THIS STORY HAS BEEN FORMATTED FOR EASY PRINTING

New Yale coach gets very plucky

Reno raids Harvard staff, hiring away three assistants

Tony Reno left Harvard to join Yale, and now is bringing others with him to New Haven. Tony Reno left Harvard to join Yale, and now is bringing others with him to New Haven. (Bob child/Associated Press)
By Mark Blaudschun
Globe Staff / January 26, 2012

“What Coach Murphy does with his program is he prepares them to be great players on and off the field,’’ said Reno in his introductory press conference at Yale. “He prepares them in the classroom. He does a great job on the recruiting trail.

“All those things that are pieces of the puzzle at Harvard . . . those are pieces that I’m going to bring here to help make Yale successful.’’

Apparently, Reno meant that in the literal sense. Since he took over following the resignation of Tom Williams, Reno has hired not one, not two, but three Harvard assistants: wide receivers coach Kris Barber, offensive line coach Joe Conlin, and defensive line coach Dwayne Wilmot.

Of the trio, only Barber had ties to Yale (he played there).

Raiding coaching staffs is unusual but not unprecedented in college football. Most of the time when an assistant is hired to a head position, at least one of his friends on the old staff will come along. But the multiple raid, especially between schools with a strong rivalry, raised some eyebrows, not to mention blood pressure.

Asked about it yesterday, Murphy was careful in his response.

“Obviously, it’s an unusual, if not unprecedented situation,’’ said Murphy. “They obviously made lucrative offers to our assistant coaches. That’s why they are no longer working at Harvard.’’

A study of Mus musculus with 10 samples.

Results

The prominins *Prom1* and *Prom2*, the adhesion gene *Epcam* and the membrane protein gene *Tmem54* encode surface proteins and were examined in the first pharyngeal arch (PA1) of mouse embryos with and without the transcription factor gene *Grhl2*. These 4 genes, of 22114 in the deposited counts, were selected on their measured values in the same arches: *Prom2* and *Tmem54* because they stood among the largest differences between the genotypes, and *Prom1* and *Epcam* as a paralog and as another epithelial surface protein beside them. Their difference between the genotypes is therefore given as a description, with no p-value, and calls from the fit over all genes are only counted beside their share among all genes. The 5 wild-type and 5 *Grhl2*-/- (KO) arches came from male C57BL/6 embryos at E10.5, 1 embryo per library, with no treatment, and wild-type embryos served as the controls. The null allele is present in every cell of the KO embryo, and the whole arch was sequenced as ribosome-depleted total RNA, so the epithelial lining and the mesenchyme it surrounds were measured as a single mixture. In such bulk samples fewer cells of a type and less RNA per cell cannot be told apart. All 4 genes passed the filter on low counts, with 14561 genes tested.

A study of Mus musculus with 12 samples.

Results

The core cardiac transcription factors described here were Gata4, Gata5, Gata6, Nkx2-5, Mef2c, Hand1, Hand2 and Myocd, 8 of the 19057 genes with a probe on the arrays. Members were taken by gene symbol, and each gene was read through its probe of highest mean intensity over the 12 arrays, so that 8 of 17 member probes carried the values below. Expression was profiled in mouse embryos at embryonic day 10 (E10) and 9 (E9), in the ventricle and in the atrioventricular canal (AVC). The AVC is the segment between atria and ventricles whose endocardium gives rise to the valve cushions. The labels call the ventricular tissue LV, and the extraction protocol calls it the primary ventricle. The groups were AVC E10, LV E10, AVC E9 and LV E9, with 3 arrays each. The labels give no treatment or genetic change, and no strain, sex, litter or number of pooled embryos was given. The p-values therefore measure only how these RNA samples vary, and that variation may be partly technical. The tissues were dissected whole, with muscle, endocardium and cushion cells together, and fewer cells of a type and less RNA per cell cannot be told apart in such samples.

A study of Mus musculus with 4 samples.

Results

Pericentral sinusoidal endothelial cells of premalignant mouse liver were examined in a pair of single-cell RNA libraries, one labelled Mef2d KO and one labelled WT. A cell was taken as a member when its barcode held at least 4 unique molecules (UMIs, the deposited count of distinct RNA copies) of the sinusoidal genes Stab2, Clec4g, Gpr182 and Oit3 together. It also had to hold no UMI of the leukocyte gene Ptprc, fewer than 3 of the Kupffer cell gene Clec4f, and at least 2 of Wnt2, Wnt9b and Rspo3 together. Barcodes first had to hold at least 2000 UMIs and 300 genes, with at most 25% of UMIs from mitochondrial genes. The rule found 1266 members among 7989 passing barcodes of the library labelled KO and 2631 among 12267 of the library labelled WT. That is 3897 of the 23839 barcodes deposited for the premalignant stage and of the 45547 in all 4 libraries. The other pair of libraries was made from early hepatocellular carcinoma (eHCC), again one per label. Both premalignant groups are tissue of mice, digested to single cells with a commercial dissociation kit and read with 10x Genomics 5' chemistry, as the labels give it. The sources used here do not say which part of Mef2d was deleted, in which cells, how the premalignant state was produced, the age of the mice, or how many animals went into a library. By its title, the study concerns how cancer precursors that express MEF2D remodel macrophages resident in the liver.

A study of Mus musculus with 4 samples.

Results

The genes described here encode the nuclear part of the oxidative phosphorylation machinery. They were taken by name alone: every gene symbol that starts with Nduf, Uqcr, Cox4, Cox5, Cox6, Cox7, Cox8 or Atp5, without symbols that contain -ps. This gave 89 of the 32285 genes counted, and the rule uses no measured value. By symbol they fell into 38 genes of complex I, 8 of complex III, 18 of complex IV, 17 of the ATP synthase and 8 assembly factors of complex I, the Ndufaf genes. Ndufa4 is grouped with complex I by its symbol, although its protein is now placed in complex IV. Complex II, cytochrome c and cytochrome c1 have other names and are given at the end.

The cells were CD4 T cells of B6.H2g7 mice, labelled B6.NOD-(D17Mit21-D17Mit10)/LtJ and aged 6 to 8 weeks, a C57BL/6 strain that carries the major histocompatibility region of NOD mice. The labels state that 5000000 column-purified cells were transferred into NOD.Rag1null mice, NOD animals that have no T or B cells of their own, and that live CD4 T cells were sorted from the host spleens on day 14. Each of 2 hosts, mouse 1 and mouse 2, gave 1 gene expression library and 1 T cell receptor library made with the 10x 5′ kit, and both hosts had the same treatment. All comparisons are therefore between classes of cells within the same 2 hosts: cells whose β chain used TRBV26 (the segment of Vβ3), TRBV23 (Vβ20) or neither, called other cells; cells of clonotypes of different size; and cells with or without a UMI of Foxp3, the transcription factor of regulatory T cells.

Murphy must have expected to take a hit, but whether he saw the magnitude of the raid remains unclear. And it is more than coaches going to New Haven. The “Harvard system’’ is now in the hands of the Yale coaching staff.

The joke floating around the Harvard campus is that Yale, after losing the last five meetings with the Crimson and 10 of the last 11, has a new theme for playing Harvard: “If you can’t beat them, buy them.’’

Harvard and Murphy are now in a scrambling mode. Not only does Murphy have to finish up recruiting, but he must rebuild his staff, which presumably means raiding other staffs.

As Murphy pointed out, people move on in college football, it is part of the process. But rarely does it happen within the confines of a league, with an archrival.

Losing Reno was not a major surprise, said Murphy, since he had come to Cambridge from Yale in 2008. Reno was defensive backs coach at Yale for five years before becoming assistant head coach; at Harvard, he was defensive backs coach and special teams coach the last three years.

But there clearly was some surprise, disappointment, and displeasure about the way it was done.

All that Murphy would say was, “The game next fall should be interesting.’’

Mark Blaudschun can be reached at blaudschun@globe.com.